Taping The Football Team
Greetings one and all. Allow me to rewind history. Let's cue up the scene selection. In short, we get to look at the time where I, and my friend Juan Gorillis, got to be the guys up in the press box.
It started innocently enough. We were approached by the Jr. high football coach mainly (I think) because we were the only guys big enough to play that weren't. He wanted to know if we would want to tape the 8th grade football games so the team could review them later in the week. The high school kid who was doing it would be starting an after school job, and would be unable to tape the final three games. We got permission from our parents, and got the position.
Our first day we met at the high school field for our instructor to show up. Our Jr. high didn't have a football field of it's own, so the Jr. High played during the week, when the High School team wasn't using the field.
Our instructor was an 11th grader who was in the Media Club. He helped us tote the equipment up into the press box. We set up the camera on a tripod and set the recorder on a table. This was not a VHS recorder. This was an old reel-to-reel recorder (this was 1978). Once the film was fed through the recorder, we were ready to go. One of us would run the camera, while the other watched the film to make sure it didn't tangle or jam. As soon as he showed us how everything worked, he left. He said he would be back near the end of the game to help take everything back into the school.
While we were waiting for the game to start, I looked out toward the road. A Sheriff's Deputy had pulled a car over. It looked like it was Sir Gattabout. It WAS Sir Gattabout. (Sorry this is out of chronological order, I just remembered this the other day) I whipped the camera around and we did out visual quality check on his traffic stop. There was no audio to this set up. Good thing because we were a couple of jabber jaws.
Once the game started, we commenced to filming. I would run the camera for a quarter, then Juan would trade off. This way we both got to run both pieces of equipment. Near the end of the game, we looked like we were going to have a problem. It looked like we were going to run out of tape, and there wasn't an extra to install.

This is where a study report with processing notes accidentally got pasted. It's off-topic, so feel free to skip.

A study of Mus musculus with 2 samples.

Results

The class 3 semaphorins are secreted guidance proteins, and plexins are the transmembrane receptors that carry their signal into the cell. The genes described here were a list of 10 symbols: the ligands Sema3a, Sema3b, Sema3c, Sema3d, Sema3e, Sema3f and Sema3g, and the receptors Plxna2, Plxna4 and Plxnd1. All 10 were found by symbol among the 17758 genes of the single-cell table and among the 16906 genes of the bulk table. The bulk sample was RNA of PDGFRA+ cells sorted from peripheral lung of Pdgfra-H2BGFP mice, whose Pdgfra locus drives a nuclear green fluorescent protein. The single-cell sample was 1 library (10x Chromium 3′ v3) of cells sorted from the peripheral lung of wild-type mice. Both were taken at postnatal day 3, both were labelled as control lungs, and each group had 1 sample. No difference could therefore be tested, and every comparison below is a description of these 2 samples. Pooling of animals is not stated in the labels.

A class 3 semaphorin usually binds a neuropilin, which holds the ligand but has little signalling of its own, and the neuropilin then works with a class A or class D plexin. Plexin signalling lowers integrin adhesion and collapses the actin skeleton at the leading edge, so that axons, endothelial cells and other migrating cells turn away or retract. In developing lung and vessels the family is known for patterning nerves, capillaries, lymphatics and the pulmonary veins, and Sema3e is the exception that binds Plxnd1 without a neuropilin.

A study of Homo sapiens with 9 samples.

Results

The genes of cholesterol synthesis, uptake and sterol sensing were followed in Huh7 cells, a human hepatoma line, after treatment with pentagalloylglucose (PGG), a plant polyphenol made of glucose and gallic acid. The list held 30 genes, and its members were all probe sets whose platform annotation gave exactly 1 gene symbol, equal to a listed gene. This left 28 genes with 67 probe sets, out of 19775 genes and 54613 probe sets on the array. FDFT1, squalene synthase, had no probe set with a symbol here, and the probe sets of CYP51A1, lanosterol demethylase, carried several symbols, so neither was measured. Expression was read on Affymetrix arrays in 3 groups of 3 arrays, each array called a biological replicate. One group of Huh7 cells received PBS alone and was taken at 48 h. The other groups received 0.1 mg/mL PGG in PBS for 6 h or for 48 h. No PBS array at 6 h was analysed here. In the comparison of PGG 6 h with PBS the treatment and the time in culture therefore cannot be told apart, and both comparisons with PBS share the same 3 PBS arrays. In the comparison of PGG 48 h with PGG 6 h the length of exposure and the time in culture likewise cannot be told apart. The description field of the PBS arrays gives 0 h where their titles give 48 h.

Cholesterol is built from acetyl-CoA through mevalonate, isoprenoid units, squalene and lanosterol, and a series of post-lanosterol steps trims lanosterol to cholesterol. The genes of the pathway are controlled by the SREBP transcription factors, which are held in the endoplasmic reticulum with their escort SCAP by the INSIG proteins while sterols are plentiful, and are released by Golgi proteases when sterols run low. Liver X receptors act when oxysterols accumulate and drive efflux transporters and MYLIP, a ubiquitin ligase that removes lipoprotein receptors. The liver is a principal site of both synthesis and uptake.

Almost as soon as we began to fret about this, out instructor showed back up. We told him our concerns. He didn't understand why that would happen. Then he asked if we had turned the tape off in between plays. Turn the tape off in between plays??? NOBODY had said anything about doing that !!! Immediately we began doing that, but to no avail. Shortly after we ran out of tape, the opposing team scored, ruining the shutout. After the game we took everything back in, but we didn't tell the coach that we ran out of tape.
He found out during the tape session with the team. He pulled us aside and instructed us in the way more perfectly. He didn't appreciate the traffic stop at the beginning either (oops, we forgot to rewind that). The breakdown in the defense was forever lost since we didn't catch it on tape because we had run out.
The following week, we arrived to do our job again. We knew what to do and how to correctly do it. We were determined not to mess up. There was only one problem, Our media instructor failed to show. No equipment, no key to the press box, no way home until after the game. Now what? We were pressed into service doing the down marker and measurement chains on the sidelines. Two fat boys running back & forth onto the field to measure and up & down following the ball was enough to gas us.
The following week everything clicked in place. We filmed the game (the WHOLE game) and did a good job of it. The only problem was, it was the last game. Now that we figured everything out, the season was over. Both Juan and I joined the Media Club when we got to High School.